Childhood Obesity and Unhealthy Diets
Over the years childhood obesity has become an epidemic. Working as a medical assistant in family practice for the past ten years, I have witnessed a lot of children struggling with being overweight and obese. Many children now in days lack whole foods that contain proper macronutrients for their bodies to use as energy adequately. Processed foods and sugary beverages can cause more complications over time when overconsumed. Along with lack of proper nutrition, a lot of children seem to be more sedentary. They are overconsuming calories but not properly burning their caloric intake which can lead to weight gain. There are many health risk factors associated with overweight and obese children. Some of the diseases associated with obesity are: Type 2 diabetes, cardiovascular disease, fatty liver, sleep apnea, and orthopedic problems. Children and teens who are overweight don’t only suffer from physical conditions but also mental and self-esteem issues. Many believe that childhood obesity tends to be a genetic predisposition but there is a higher correlation showing that easy, affordable, and fast unhealthy foods along with inactive lifestyles can lead to many health issues for children over time.
People incline to say that genetics play a large role into a child’s weight. They believe that if the parents are overweight then the children will also follow this trend due to genetic predisposition. Studies have been conducted to try and find a link between genetic factors and childhood obesity. Not only are these studies factoring in parents current weight status but also the families environmental status. They have found very minimal correlations between the two. The genetic factor accounts for less than 5% of cases of childhood obesity. Therefore, while genetics can play a role in the development of obesity, it is not the cause of the dramatic increase in childhood obesity (Sahoo et all, 2005).
Excessive consumption of sugary drinks and junk food is a leading cause for many health issues. Beverages such as: soda, juice, and sweetened drinks contain high sugar contents. Sugary drinks are less filling than food and can be consumed quicker, which results in a higher caloric intake (Sahoo et all, 2015). Another thing to factor in are portion sizes that are being consumed. Serving sizes have increased drastically over time along with the amount of snacking. When it comes to snacking the most typical foods are: chips, baked goods and candy. A single snack item could supply 6-14% of a day’s recommended calories, fat, sugar, and sodium on average (or 56-169% at the extreme) for a “typical” child (Lucan et all, 2010).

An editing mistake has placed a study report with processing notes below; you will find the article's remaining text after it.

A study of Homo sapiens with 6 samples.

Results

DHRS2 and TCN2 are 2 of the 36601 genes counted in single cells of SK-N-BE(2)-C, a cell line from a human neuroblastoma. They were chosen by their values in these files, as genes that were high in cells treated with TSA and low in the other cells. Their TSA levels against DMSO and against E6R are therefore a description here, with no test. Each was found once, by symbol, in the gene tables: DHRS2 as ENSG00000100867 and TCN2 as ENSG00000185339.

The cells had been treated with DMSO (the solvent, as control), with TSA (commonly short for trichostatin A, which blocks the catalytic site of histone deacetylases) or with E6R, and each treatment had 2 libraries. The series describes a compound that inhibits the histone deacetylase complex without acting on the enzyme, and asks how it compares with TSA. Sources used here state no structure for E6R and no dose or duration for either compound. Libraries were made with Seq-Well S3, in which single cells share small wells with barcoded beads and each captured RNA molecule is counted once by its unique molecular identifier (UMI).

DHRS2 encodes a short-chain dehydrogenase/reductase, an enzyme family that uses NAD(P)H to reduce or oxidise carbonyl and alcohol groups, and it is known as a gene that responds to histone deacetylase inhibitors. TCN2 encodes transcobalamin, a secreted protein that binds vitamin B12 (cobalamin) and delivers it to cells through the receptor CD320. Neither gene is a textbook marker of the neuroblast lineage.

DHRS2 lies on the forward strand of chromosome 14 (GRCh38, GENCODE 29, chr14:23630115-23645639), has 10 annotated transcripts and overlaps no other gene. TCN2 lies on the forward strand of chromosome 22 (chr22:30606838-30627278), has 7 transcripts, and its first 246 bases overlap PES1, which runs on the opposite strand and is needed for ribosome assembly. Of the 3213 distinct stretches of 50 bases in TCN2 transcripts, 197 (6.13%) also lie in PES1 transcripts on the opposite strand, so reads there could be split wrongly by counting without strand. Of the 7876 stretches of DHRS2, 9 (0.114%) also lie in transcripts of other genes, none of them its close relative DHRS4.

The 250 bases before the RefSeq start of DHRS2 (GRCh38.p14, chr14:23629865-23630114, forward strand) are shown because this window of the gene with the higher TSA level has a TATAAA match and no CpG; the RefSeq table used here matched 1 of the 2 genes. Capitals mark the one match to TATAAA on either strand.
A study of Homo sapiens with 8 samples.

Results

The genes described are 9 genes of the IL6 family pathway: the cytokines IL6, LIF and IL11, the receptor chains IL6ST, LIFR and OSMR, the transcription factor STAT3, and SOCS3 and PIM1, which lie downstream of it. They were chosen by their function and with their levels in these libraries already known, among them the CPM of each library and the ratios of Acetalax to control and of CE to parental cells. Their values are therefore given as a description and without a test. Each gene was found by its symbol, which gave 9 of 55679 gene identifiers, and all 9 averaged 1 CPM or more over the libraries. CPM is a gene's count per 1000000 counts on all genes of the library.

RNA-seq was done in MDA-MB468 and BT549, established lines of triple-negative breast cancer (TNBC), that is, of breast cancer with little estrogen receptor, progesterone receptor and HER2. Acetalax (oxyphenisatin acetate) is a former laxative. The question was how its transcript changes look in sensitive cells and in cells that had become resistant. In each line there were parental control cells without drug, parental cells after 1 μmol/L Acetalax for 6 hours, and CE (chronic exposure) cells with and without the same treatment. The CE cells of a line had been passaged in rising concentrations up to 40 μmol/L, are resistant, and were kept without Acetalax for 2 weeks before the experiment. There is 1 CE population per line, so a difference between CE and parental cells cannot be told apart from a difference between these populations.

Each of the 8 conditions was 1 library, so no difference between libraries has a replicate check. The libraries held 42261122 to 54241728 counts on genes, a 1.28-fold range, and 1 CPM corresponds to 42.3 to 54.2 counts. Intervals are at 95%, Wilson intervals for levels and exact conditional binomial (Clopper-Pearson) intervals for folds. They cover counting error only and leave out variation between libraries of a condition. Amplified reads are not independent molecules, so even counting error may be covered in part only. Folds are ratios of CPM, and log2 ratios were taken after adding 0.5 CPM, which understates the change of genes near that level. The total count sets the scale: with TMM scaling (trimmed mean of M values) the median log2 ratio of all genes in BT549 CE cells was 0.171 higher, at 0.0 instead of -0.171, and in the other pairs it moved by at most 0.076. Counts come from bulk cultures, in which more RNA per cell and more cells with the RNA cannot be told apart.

A sedentary lifestyle has been known as a contributor to childhood obesity. In years past, children would spend their time playing outdoors. Not as many high tech electronics were available as they are today. Many children these days spend a lot more time playing with electronics also known as screen time versus engaging in physical activity. Screen time is known as playing video games, watching TV, or playing on computers. Each additional hour of television per day increased the prevalence of obesity by 2%.Television viewing among young children and adolescents has increased dramatically in recent years (Sahoo et all, 2015). Studies also reported that children who watched more television consumed higher fat foods and more fast food and soft drinks while watching TV compared to healthier options like fruits and vegetables (Wachira et all, 2018).
There are many non-profit programs that are helpful to children as well as the family to transition them towards a healthier life. While working at Denver Health I learned about a very beneficial program called MEND (Mind, Exercise, Nutrition, Do it!). MEND was founded outside of the United States. Colorado currently offers two locations and soon to be three of which families can enroll or be referred to. Many primary care providers can refer families with overweight and obese children to this program for intervention. MEND focuses on children from 7 to 13 years of age, but other countries have also incorporated children as young as 2 years of age and have found it successful. It does require a commitment on the families part but can be very beneficial in the long run to help not only the child but the family as a whole to make healthier lifestyle changes.
It can be very intimidating to change the way we choose to live our day to day life. But if it can be a beneficial way of living longer and healthier, it is worth the time and effort to learn how to go about it. Making healthier food choices can lead to more efficient ways of producing the necessary fuel our bodies need. Eating a balanced diet can help you have a clearer mind, sleep better, and to not get sick as often. Adding in regular physical activity is also beneficial to maintain good weight and cardiovascular health. We are human and we do crave sweets or junk food here and there, but as long it doesn’t become a habit that can become more expensive in the long run. Not only financially but also for your overall health.